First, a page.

Redacted public versions of the legal briefs tied to Apple's July request for a ban on Samsung's products began to trickle in over the last few days. While we eagerly await the judge's decision on an injunction, let's take a look at some of the more interesting tidbits in those briefs. It should be no surprise that Apple and Samsung have spilled a lot of ink defining what Apple's US design patents on the iPhone and iPad cover. What might surprise you, however, is that a fair amount of the analysis over what the patents don't cover — essentially work-arounds to the patents — has come from Apple. In litigation, a patent owner has to specifically define, and thus somewhat limit, what its design patent covers, and often has to use those definitions to rebut arguments from the alleged infringer. 

One of Samsung's arguments in its defense against the injunction is that Apple is trying to improperly cover various functional (utilitarian) elements required in any modern smartphone or tablet device. Samsung is essentially saying that it had no other realistic design options available when it created devices like the Galaxy S, Infuse and Galaxy Tab 10.1. Apple obviously disagrees: it argues that Samsung had many other non-infringing design alternatives at its disposal and didn't need to copy the aesthetic features of the iPhone and iPad devices. To make that argument stick Apple had no choice but to identify exactly what those alternatives were.

On the smartphone side of things, the following is a list of some of the alternative design options Apple felt Samsung should have looked into further:

  • Front surface that isn't black.
  • Overall shape that isn't rectangular, or doesn't have rounded corners.
  • Display screens that aren't centered on the front face and have substantial lateral borders.
  • Non-horizontal speaker slots.
  • Front surfaces with substantial adornment.
  • No front bezel at all.

As for tablets, Apple identified a similar list of alternative designs available to Samsung:

  • Overall shape that isn't rectangular, or doesn't have rounded corners.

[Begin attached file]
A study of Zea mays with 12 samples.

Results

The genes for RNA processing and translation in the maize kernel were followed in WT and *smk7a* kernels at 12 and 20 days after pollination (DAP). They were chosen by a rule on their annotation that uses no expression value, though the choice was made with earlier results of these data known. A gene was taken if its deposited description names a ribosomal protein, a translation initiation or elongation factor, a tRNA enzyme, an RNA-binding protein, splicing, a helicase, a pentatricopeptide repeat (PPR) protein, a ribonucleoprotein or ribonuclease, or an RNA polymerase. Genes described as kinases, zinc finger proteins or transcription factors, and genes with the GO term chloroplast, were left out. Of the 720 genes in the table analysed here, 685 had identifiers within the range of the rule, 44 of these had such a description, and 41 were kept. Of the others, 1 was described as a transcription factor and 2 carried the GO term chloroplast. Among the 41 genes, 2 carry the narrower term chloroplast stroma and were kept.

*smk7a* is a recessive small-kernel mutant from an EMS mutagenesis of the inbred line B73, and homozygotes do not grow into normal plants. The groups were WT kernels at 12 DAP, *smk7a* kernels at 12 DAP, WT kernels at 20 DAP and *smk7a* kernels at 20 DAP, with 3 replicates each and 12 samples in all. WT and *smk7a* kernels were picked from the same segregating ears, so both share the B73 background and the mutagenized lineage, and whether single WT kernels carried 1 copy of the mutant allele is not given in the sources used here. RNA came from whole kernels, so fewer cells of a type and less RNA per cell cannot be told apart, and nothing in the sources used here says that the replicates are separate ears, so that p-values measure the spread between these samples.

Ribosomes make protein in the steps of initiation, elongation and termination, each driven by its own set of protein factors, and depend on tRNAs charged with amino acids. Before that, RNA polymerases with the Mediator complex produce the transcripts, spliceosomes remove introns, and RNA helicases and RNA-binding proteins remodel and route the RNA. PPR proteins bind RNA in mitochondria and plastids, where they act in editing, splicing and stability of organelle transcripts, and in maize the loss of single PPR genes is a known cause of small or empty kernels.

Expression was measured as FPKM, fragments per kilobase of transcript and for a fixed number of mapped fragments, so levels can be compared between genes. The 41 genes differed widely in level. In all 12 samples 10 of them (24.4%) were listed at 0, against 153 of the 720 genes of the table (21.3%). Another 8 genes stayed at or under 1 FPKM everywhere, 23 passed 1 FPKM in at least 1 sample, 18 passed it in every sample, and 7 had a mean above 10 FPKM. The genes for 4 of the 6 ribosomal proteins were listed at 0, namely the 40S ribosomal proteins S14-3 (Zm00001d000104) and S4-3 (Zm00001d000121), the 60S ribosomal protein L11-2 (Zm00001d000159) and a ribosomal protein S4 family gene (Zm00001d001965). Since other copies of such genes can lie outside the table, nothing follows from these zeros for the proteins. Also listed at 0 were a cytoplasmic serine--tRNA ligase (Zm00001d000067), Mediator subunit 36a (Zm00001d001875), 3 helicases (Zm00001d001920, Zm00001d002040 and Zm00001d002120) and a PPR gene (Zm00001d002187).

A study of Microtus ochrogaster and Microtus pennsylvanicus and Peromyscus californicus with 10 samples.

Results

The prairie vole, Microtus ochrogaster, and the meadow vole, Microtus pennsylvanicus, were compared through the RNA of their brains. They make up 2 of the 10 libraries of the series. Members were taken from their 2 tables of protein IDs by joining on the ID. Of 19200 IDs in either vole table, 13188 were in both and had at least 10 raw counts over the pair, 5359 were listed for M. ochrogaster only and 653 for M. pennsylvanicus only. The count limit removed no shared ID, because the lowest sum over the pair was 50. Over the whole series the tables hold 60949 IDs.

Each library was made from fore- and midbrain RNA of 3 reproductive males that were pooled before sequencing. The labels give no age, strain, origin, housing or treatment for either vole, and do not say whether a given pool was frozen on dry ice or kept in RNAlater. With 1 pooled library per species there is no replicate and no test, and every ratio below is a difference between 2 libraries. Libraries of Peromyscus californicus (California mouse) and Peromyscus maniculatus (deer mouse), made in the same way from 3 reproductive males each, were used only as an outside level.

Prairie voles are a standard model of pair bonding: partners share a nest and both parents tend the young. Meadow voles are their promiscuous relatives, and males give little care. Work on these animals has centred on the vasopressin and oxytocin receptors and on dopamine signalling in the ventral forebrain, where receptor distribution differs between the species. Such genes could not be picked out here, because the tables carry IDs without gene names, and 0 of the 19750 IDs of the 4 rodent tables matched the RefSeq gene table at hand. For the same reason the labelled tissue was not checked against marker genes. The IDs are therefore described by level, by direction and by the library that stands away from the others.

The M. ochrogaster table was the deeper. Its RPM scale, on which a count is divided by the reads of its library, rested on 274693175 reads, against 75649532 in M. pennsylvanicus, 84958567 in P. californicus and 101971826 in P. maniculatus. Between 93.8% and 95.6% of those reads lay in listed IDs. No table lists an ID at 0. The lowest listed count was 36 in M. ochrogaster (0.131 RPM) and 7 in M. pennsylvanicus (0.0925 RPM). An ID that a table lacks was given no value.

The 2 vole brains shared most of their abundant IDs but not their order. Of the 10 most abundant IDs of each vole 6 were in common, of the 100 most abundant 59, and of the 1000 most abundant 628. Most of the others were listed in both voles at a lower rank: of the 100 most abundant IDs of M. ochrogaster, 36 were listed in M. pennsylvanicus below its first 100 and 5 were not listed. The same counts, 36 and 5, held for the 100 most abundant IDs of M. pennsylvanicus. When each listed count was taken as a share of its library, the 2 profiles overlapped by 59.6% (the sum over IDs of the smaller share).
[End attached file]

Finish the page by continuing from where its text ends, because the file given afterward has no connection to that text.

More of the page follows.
• Thick frames rather than a thin rim around the front surface.
  • Front surface that isn't entirely flat.
  • Profiles that aren't thin.
  • Cluttered appearance.

This isn't an exhaustive list of the alternative designs offered up by Apple, but it's a summary of the most interesting ones. And if they're interesting to us, imagine what Samsung was thinking when it received this list a few months back. While a single feature change might not be enough to escape Apple's scrutiny, it's clear Samsung was gifted at least some options to work with — excluding perhaps Apple's suggestion that Samsung could have adopted a "cluttered appearance" for its devices. 

Sure enough, Samsung came out with the Galaxy Tab 10.1N in Germany a couple of weeks ago, and expressly stated its new tablet design was modified "to reflect Apple's claims." The new look includes thicker vertical frame sections (in landscape orientation) that wrap around to slightly intrude on the front face, and a vertical speaker slot placed in each of those new frame sections. Unfortunately for Samsung, Apple apparently doesn't think those changes were enough — asking a German court to ban the new 10.1N version based on a European design registration that's a counterpart to the US design patent. It will be interesting to see exactly where the courts draw the line on what defines an acceptable work-around for these particular design rights. We may know soon enough.